An important principle of the Directory of Assessment Standards is that skills, knowledge and understanding gained outside formal education or training will be recognised.
People who already have skills and knowledge can be assessed immediately, by presenting evidence of prior performance or completing assessment tasks. Completion of a course may not be required.
Many people are assessed by a combination of:
- evidence the learner brings with them
- further assessment tasks, to cover all the skills and knowledge required.
Accredited providers and registered workplace assessors assess prior learning against the same standards and within the same moderation systems as those that are used within their own education and training programmes.
Sources of evidence
Assessment of unit standards involves the collection of evidence about a learner's skills, knowledge and performance. Assessors then evaluate that evidence against the criteria expressed in the standard.
Sources of evidence are occasions or activities that give learners a chance to demonstrate their abilities. Learners can provide evidence from a variety of sources, depending on the requirements of the unit standard, the situation of the assessor, and the circumstances of the learner. Evidence for assessment can come from on-job experience, formal tests and tasks, and previous proven achievements outside formal learning.
Some learners may have to undertake further learning and assessment in order to complete a qualification.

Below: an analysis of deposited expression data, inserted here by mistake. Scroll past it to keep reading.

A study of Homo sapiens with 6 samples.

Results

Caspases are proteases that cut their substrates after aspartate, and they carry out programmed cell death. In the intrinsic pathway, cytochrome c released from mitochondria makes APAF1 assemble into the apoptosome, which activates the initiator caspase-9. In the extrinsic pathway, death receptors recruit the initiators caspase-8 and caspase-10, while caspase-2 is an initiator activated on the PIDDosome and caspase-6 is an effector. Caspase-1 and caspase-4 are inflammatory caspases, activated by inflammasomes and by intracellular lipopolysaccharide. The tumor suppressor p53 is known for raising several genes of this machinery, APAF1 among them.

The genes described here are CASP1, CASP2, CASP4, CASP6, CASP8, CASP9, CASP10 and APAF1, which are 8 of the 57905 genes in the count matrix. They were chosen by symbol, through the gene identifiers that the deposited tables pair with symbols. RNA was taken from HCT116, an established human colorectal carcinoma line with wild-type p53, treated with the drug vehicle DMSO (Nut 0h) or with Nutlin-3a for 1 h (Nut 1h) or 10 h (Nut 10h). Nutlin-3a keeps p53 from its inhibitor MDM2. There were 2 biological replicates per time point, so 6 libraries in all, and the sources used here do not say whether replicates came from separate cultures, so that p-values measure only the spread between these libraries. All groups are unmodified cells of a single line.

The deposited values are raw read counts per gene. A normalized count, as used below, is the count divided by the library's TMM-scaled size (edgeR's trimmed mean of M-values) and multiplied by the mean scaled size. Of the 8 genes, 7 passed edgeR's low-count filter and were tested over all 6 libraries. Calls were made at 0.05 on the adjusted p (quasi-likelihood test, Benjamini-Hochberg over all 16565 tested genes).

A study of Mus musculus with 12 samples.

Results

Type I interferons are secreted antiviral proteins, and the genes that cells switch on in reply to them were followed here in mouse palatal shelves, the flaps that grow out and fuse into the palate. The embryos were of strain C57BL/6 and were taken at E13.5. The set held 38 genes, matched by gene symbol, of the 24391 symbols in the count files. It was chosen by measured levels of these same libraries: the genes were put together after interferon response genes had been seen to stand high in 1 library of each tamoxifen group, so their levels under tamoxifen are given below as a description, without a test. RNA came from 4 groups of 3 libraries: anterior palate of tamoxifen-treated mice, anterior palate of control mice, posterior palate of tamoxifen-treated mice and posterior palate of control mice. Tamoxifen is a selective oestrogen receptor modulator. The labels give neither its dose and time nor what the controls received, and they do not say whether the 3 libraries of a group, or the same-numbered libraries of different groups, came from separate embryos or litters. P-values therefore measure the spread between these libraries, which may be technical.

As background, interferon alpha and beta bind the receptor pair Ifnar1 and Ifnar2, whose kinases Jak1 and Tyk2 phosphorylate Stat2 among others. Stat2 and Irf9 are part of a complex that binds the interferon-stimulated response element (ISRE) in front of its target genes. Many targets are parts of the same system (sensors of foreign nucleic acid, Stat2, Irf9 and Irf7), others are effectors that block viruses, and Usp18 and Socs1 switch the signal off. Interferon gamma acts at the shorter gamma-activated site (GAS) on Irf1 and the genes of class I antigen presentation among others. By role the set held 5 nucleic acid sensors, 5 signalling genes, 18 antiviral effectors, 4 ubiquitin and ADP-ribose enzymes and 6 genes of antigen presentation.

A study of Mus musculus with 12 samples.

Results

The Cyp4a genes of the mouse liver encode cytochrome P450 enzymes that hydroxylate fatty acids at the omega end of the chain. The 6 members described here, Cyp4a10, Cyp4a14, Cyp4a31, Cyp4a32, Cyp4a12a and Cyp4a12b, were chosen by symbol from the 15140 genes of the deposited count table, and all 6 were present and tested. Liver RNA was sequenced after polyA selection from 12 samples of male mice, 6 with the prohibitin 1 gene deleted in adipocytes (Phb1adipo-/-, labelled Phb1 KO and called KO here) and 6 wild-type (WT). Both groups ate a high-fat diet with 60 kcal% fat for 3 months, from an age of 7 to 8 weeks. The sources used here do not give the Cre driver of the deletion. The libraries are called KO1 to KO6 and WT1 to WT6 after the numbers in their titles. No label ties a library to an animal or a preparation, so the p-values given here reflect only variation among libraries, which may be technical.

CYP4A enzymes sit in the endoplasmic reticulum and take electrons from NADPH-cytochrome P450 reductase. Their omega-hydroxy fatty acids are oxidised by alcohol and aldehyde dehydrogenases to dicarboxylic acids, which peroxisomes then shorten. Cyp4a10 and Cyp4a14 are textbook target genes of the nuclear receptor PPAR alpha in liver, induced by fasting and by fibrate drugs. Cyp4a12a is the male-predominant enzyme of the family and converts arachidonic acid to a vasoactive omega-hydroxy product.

Cross-credits from other qualifications
Providers can award some credits on the basis of existing qualifications, if they are certain that unit standard requirements have been met.
It is common for tertiary learners to move from one place of learning to another, or one course to another.
Credit transfer is a process whereby credit already achieved for one qualification is recognised towards a new qualification. This may occur on a case-by-case basis between providers/qualifications developers and individuals or as a structured agreement between providers.
For more information see Supporting Learning Pathways Credit Recognition and Transfer Policy (PDF, 150KB).
English language guidelines for international students
NZQA no longer recognises providers’ internal English examinations as proof of proficiency in English, effective from 1 October 2011.
International students for whom English is not their first language are now required to hold current English proficiency certification: IELTS, TOEFL (paper or internet-based) or Cambridge.
English Language Guidelines for International Students (PDF, 39KB) sets out guidelines for the minimum English-language proficiency levels required for course entry.